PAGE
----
At ARTE, artisans come together not only to sell their handcrafts to the public, but also to support each other in one’s journey. Jan D’Sa, artist-designer-sculptor-writer and owner of both Janys De and the Cultural Arts Travelogue, has such a story to share.
“I was a repressed creative for nearly 20 years, allowing my sketches and paintings to be viewed by my own two eyes and no one else’s. I also threw my performing artist and musician garb into the metaphorical dark alley and retreated into my shell. I became a very shy and reserved person.” Those who know Jan since she joined ARTE in its early days may probably remember that shy girl.
Jan, instead, chose to showcase her creativity through secondary artforms, i.e. through writing, through salt dough mini-sculptures (below) and wire crochet jewelry making.
Then one day in 2011, a Philipino artist by the name of Alvin Apolonio, showed up at ARTE with paintings that awoke a dormant artistic volcano within Jan. Like many repressed creatives, she was felt a lot of fear in painting again. “I decided to attend an art workshop that Alvin Apolonio held, in conjunction with Carrie Wareham, Black Sheep Art Studio (an ARTE member). It was just so that I could work past this block that I had.”
“I will never forget what Alvin told me as I started to use the paintbrush after 2 decades and struggled to hold it with confidence.” Alvin said, “I look forward to seeing your art. You have it in you. Just a bit of practice.””
Eight months later, this April 2012, Jan finally showed her art to the public for the first time at ARTE. Sadly, Alvin was not around to see it. He had passed away in the Philippines after a brief illness early this year.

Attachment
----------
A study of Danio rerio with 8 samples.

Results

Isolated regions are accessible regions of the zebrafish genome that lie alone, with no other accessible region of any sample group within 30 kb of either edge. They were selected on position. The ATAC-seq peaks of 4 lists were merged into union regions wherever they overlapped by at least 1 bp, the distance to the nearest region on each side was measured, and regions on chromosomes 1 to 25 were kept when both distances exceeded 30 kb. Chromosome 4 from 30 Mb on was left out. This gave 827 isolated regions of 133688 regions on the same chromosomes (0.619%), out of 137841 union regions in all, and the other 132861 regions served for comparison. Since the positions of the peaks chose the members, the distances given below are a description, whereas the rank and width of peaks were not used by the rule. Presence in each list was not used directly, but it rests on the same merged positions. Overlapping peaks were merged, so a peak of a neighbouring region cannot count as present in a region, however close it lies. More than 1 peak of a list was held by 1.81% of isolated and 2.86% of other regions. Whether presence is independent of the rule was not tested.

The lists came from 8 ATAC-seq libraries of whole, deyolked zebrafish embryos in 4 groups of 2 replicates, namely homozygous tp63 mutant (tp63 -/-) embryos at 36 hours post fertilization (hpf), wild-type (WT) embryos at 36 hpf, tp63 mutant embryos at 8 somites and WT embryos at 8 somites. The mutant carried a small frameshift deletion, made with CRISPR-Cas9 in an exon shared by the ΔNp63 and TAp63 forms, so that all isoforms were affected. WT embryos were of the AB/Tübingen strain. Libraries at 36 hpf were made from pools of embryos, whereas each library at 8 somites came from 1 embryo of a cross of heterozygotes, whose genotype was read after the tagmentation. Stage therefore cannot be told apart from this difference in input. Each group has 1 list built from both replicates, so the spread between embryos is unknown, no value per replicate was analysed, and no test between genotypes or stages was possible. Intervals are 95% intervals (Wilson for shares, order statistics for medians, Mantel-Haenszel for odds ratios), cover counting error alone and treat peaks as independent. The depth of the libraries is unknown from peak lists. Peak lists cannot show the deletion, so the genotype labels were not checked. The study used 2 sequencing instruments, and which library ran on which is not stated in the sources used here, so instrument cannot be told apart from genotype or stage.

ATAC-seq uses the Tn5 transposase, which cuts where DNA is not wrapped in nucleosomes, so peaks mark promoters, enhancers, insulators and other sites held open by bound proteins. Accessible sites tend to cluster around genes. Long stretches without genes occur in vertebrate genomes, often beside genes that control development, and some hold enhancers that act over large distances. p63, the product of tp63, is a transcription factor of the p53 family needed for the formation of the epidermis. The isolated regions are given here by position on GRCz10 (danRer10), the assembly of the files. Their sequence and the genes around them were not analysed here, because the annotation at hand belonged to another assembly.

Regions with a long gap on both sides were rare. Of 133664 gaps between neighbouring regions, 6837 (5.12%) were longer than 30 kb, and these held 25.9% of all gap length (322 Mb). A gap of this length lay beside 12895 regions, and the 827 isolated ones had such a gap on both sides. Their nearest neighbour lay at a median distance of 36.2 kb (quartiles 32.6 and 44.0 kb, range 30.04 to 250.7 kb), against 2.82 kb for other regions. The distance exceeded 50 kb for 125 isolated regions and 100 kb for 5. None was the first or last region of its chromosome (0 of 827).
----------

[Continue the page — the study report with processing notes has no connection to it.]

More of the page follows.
“I was devastated as were many other artisans who regarded Alvin not only as a versatile painter and artist, but a friend. I had also experienced another artisan pass away a day after Alvin passed away (she was a jewelry designer), so the devastation of 2 creatives passing away was quite a strong experience.”
These days Jan has allowed her music and theatrical expression to show itself, though in small, monitored doses. She has also mustered courage to step out and give workshops in creative writing where the art of spontaneity and reconnection with one’s creative self are key. She has dared to create mixed media work where she combines various art and handcraft techniques such as wire work, crochet, acrylics, decoupage and clay. “All because Alvin reminded me that the secret to living more is by creating more.” Whenever Jan gets stuck as a creative, she remembers Alvin’s words and pushes beyond borders into the realm that only other former repressed creatives know of.
Has an artisan changed your life beyond what you expected? Let us know how and you could be featured.